Well, it was bound to happen -- though I was hoping it would be later rather than sooner.
I, a mere two months into my tenure as a Flagstaff resident, got lost on a trail run. These things happen, even to the most geographically adept, of which I certainly am not. But I feel a little sheepish because my wrong turn in the woods occurred on the Gold Digger-Two Spot 5.1-mile loop in the Rogers Lake County Natural Area.
On the maps, it looks so straightforward: a simple loop featuring only two trails and, despite some intersecting fire roads, not much opportunity to get lost.
Yet, lost I was. Normally, running alone, I’m fine with occasional inadvertent detours, panicking only slightly before wisely retracing my path to the scene of the misstep. But this time, my running companion was just a week removed from a marathon, still in full recovery mode, and only wanted to go 5 miles, max.
We ended up running about 7 miles.
I blame myself.
Check that. I blame bad (or missing) signage.
As I’ve said before, I’ve been highly impressed with the abundance of signage on all Flagstaff trails, from the mountains to the (relatively) low-lying lakes. But all it takes is one confusing junction to send you off the beaten path.
Promise, I won’t dwell too much longer on the wrong turn in question -- because, after all, there’s so much to like about the Two Spot-Gold Digger loop -- but it serves as a public service to point out the confusing intersection, lest other trail users make the same mistake.
The moment of truth comes at pretty much at the high point of the Gold Digger Trail, a few hundred yards beyond the ramada picnic area abutting an aspen grove. The trail forks at this point, and the rusted metal stake placed between the two paths doesn’t help because there are no directional signs affixed. That’s unlike elsewhere on the Gold Digger, where blue arrows and the trail’s name make the route clear.
I lobbied for going left, slightly uphill, because it looked like the more used path, though still single-track. The trail to the right plunged downhill.
My running companion bent and leaned into the sign, as if trying to read the small type on a food label. There, scratched into the corroded stake with a stick or maybe a car key, was the word “Gold Digger” with an arrow headed back toward from whence we came. But, wait, below that scrawl were some barely decipherable letters, partially obscured by white bird droppings, with three arrows pointing left.
I stopped and insisted we retrace our steps back to the fork and go to the right. My running companion, grumbled but assented. Back at the rusted metal sign, we perused the letters like scholars sussing out the meaning of petroglyphs. That’s when I noticed the distinct markings “R” and “O.”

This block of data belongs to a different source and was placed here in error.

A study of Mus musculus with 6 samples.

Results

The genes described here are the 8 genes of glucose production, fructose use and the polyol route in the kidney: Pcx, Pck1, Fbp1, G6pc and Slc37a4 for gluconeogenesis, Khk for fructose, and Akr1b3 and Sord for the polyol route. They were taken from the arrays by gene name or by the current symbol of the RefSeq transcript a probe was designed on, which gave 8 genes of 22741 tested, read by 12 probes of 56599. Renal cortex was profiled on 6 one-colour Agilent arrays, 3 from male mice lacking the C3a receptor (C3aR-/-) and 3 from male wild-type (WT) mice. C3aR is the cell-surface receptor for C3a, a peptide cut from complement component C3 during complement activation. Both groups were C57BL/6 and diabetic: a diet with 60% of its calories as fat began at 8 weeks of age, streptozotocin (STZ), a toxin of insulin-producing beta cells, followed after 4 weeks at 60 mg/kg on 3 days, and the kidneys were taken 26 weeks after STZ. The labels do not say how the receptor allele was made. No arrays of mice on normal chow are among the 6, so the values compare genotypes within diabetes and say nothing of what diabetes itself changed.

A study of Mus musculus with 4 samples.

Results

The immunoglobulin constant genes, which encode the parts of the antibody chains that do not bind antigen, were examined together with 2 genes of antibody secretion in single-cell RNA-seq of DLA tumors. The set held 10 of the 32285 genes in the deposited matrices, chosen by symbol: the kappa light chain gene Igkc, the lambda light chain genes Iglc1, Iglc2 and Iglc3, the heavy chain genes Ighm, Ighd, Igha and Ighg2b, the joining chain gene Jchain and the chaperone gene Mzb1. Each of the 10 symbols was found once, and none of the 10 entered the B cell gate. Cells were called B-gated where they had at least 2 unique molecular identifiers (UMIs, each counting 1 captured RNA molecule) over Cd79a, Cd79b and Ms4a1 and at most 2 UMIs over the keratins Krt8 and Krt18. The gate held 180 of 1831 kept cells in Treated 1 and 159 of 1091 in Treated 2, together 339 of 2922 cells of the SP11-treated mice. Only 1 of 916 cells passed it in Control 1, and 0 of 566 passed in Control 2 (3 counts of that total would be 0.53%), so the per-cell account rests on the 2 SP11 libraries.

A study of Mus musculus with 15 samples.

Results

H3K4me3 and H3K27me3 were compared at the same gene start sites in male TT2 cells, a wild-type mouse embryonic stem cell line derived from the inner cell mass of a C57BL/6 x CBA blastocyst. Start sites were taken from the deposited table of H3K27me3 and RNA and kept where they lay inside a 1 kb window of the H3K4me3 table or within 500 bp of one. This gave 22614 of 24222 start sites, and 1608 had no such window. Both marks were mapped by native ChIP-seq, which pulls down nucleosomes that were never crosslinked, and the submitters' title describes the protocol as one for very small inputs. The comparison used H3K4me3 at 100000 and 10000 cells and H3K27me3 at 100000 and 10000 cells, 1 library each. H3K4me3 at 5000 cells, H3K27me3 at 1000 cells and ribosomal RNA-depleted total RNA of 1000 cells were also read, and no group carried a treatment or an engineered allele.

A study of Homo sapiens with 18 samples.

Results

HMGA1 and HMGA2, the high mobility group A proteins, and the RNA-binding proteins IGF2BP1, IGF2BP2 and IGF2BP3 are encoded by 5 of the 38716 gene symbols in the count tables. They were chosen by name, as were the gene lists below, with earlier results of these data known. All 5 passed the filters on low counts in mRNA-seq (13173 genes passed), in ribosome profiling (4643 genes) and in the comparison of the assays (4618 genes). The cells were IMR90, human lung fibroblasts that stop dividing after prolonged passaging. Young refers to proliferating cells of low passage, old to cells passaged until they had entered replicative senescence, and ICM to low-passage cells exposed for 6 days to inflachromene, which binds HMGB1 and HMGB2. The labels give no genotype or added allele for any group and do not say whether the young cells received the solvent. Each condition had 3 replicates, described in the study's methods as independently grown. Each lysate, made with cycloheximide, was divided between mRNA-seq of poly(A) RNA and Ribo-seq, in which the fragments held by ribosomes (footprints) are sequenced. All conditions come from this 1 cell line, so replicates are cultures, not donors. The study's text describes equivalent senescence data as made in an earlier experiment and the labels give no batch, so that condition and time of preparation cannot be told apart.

Of course, the trails to the left was the Rogers Trail, which wends its way all the way, about 6 miles, to Fort Tuthill County Park to the east.
Having regaining our bearings, righted our course, we had a pleasant 2-mile jaunt downhill on the last half of the Gold Digger (the blue signs resumed), stopping only to observe some mule deer enjoying breakfast.
When you get to the junction of the Two Spot, there are two ways to go: (1) continue straight, cross Woody Mountain Road and make a right to parallel the road back to the trailhead; (2) turn right at the junction and take a more scenic path (except for some power lines) through the trees, slightly uphill and back to the trailhead.
Enough logistics. You’ll enjoy the Two Spot-Gold Digger loop because it’s a verdant nature preserve and the assent is nothing major (568 feet).
Oh, and the views. This time of year, Rogers Lake is more like an emerald meadow, yet one attracting all manner of avian and insect activity. Take a moment to peer through the telescopes at the marshy home to all sorts of creatures. Read the signs at the trailhead, too, giving you a glimpse of the area’s wildlife -- everything from Gunnison’s prairie dogs to greater short-horned lizards to elk and red-tailed hawks. (None of which I saw, but it was nice knowing they reside there.)
The looming San Francisco Peaks to the north is a constant presence on the run, but take the time to follow the brief side trail up to (well-marked) scenic lookout, where the peaks are framed nicely between jagged rocks and the tops of pines.
The occasional peek at the peaks, coupled with the single-track paths throughout, make this loop perfect for those wanting a mellow 5-mile jaunt.
Or 7 miles, if you happen to make a wrong turn.